LONDON: A common antibiotic called doxycycline can disrupt the formation of negative thoughts and fears in the brain and may prove useful in treating or preventing post traumatic stress disorder (PTSD), according to research by British and Swiss scientists.
In a specially designed trial involving 76 healthy volunteers who were given either the drug or a placebo dummy pill, those who were on doxycycline had a 60 percent lower fear response than those who were not.
Scientists said the antibiotic works in this way because it blocks certain proteins outside nerve cells, called matrix enzymes, which our brains need to form memories.
“We have demonstrated a proof-of-principle for an entirely new treatment strategy for PTSD,” said Dominik Bach, a professor at University College London and the University of Zurich, who co-led the research team.
In the trial, volunteers were given either doxycycline or a placebo and put in front of a computer. The screen would flash either blue or red, and one of the colors was associated with a 50 percent chance of getting a painful electric shock. After 160 flashes with colors in random order, participants learnt to associate the ‘bad’ color with the shock.
A week later, under no medication, the volunteers repeated the experiment. This time there were no electric shocks, but a loud sound played after either color was shown.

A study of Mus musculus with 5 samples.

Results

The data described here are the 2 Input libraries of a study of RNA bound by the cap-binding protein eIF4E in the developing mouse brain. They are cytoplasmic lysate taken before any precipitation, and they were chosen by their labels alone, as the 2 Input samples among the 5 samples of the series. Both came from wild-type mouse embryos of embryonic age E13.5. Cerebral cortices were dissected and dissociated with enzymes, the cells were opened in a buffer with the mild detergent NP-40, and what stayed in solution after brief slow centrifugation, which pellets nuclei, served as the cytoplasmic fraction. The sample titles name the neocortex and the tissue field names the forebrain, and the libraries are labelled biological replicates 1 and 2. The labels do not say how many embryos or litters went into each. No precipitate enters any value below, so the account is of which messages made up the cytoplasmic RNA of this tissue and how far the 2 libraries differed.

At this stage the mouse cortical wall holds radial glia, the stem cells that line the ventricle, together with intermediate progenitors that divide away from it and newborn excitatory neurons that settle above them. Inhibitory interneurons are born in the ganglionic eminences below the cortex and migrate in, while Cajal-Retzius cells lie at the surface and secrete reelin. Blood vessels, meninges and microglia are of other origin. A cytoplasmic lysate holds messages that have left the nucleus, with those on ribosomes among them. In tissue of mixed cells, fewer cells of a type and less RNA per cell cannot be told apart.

Fear responses were measured by tracking eye blinks, as this is an instinctive response to sudden threats. The fear memory was calculated by subtracting the baseline startle response – to the sound on the ‘good’ color – from the response to the sound when the ‘bad’ color was showing.
While the fear response was 60 percent lower in those who had doxycycline in the first session, the researchers found that, importantly, other cognitive measures – including sensory memory and attention – were not affected.
“When we talk about reducing fear memory, we’re not talking about deleting the memory of what actually happened,” Bach said in a statement about the findings.
“The participants may not forget that they received a shock when the screen was red, but they ‘forget’ to be instinctively scared when they next see a red screen.
“Learning to fear threats is an important ability … helping us to avoid dangers. (But) over-prediction of threat can cause tremendous suffering and distress in anxiety disorders such as PTSD.”
PTSD is caused by an overactive fear memory and includes a broad range of psychological symptoms that can develop after someone goes through a traumatic event.
Bach said he and his team would now like to explore doxycycline’s potential effects further, including in a phenomenon called “reconsolidation” of fear memories – an approach to helping people with PTSD – in which memories and associations can be changed after an event when the patient experiences or imagines similar situations.